Dramatic Lighting of Icy Flows
Dramatic Lighting of Icy Flows
ESP_025646_1440  Science Theme: Mass Wasting Processes
This image shows flow features (tongue-shaped features in the depressions running down the slope) on the inner slope of an impact crater east of Hellas impact basin.

The time of year combined with MRO’s orbit and the slope combine to provide the geometry for an image with almost glancing (very low sun) illumination. Such low-sun lighting enhances subtle topographic features and makes a dramatic image.

Other flows in this region of Mars, long thought to be due to flowing ice, have been confirmed to be icy by the Shallow Radar (SHARAD) experiment on MRO.

Written by: Alfred McEwen  (7 March 2012)
Acquisition date
15 January 2012

Local Mars time

Latitude (centered)

Longitude (East)

Spacecraft altitude
252.2 km (156.7 miles)

Original image scale range
50.7 cm/pixel (with 2 x 2 binning) so objects ~152 cm across are resolved

Map projected scale
50 cm/pixel and North is up

Map projection

Emission angle

Phase angle

Solar incidence angle
72°, with the Sun about 18° above the horizon

Solar longitude
57.5°, Northern Spring

For non-map projected images
North azimuth:  98°
Sub-solar azimuth:  51.1°
Black and white
map projected  non-map

IRB color
map projected  non-map

Merged IRB
map projected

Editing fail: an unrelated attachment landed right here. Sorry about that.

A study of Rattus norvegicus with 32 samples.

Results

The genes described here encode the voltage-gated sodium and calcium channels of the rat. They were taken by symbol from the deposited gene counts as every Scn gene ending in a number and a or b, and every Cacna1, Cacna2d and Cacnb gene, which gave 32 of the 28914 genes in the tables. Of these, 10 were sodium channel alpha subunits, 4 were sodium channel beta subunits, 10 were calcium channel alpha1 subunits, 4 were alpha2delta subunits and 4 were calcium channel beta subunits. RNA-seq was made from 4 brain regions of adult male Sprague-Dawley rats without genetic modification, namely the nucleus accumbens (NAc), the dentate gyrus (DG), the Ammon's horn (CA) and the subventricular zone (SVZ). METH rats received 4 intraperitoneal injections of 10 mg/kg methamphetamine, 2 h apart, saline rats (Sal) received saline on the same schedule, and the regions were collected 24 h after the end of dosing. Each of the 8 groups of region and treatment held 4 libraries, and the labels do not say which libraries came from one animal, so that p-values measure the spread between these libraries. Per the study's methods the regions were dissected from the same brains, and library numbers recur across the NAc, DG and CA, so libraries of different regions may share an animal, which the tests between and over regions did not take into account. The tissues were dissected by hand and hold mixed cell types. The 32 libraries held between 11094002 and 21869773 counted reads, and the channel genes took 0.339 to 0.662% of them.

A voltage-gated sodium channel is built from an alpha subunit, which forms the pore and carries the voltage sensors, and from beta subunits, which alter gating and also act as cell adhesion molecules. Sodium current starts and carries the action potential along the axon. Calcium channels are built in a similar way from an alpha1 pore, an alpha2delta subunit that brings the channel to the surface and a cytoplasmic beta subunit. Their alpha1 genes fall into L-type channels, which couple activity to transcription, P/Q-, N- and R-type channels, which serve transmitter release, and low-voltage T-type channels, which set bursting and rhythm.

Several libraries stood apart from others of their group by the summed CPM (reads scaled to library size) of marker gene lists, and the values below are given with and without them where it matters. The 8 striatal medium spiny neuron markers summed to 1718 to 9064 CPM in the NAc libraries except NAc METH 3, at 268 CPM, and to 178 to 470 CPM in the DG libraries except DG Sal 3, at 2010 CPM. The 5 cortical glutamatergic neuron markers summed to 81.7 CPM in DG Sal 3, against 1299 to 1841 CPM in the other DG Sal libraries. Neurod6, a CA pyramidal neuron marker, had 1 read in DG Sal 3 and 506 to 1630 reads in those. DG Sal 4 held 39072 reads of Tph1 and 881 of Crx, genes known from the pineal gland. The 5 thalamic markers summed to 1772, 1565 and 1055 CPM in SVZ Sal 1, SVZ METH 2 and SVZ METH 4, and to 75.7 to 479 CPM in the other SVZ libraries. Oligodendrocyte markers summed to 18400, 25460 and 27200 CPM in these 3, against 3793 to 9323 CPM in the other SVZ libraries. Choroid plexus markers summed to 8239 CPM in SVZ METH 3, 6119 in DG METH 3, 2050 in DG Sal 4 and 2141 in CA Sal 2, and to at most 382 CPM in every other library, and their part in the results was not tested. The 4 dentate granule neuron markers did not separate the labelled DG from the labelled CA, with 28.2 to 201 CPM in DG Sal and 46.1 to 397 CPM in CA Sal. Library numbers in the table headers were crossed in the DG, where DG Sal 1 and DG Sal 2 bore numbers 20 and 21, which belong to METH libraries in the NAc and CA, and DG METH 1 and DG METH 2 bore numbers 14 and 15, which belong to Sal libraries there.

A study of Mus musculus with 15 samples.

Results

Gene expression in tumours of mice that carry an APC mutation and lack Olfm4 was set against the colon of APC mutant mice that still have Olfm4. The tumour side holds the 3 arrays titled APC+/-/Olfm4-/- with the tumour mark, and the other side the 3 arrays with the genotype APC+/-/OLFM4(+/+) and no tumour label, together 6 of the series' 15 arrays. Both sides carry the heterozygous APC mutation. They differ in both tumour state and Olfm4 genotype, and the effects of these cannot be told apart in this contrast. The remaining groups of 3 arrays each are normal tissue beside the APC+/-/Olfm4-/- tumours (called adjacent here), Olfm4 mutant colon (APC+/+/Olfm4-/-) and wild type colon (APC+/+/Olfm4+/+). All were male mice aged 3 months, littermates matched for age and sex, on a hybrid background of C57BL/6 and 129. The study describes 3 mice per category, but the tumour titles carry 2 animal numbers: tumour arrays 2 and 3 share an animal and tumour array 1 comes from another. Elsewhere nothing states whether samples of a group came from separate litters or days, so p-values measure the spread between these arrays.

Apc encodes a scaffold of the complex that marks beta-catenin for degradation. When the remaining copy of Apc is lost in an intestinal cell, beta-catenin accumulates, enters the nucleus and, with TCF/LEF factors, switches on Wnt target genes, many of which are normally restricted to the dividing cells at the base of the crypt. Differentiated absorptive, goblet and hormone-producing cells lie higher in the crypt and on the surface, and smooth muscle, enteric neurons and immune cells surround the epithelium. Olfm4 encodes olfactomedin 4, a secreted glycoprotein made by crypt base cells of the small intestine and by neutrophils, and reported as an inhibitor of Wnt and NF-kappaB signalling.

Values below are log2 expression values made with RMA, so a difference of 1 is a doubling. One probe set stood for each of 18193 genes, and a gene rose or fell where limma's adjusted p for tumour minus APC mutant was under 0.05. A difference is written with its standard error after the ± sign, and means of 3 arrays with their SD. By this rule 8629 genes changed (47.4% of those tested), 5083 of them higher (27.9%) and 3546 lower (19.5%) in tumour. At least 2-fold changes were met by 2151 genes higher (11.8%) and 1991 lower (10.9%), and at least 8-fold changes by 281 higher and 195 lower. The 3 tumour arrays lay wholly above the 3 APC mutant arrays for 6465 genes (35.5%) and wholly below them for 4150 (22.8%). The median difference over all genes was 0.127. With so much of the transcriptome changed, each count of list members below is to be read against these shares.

Merged RGB
map projected

RGB color
non-map projected

Black and white
map-projected   (135MB)

IRB color
map-projected   (79MB)

Black and white
map-projected  (63MB)
non-map           (78MB)

IRB color
map projected  (24MB)
non-map           (67MB)

Merged IRB
map projected  (117MB)

Merged RGB
map-projected  (114MB)

RGB color
non map           (67MB)
B&W label
Color label
Merged IRB label
Merged RGB label
EDR products

IRB: infrared-red-blue
RGB: red-green-blue
About color products (PDF)

Black & white is 5 km across; enhanced color about 1 km
For scale, use JPEG/JP2 black & white map-projected images

All of the images produced by HiRISE and accessible on this site are within the public domain: there are no restrictions on their usage by anyone in the public, including news or science organizations. We do ask for a credit line where possible:

NASA’s Jet Propulsion Laboratory, a division of the California Institute of Technology in Pasadena, Calif., manages the Mars Reconnaissance Orbiter for NASA’s Science Mission Directorate, Washington. The HiRISE camera was built by Ball Aerospace and Technology Corporation and is operated by the University of Arizona.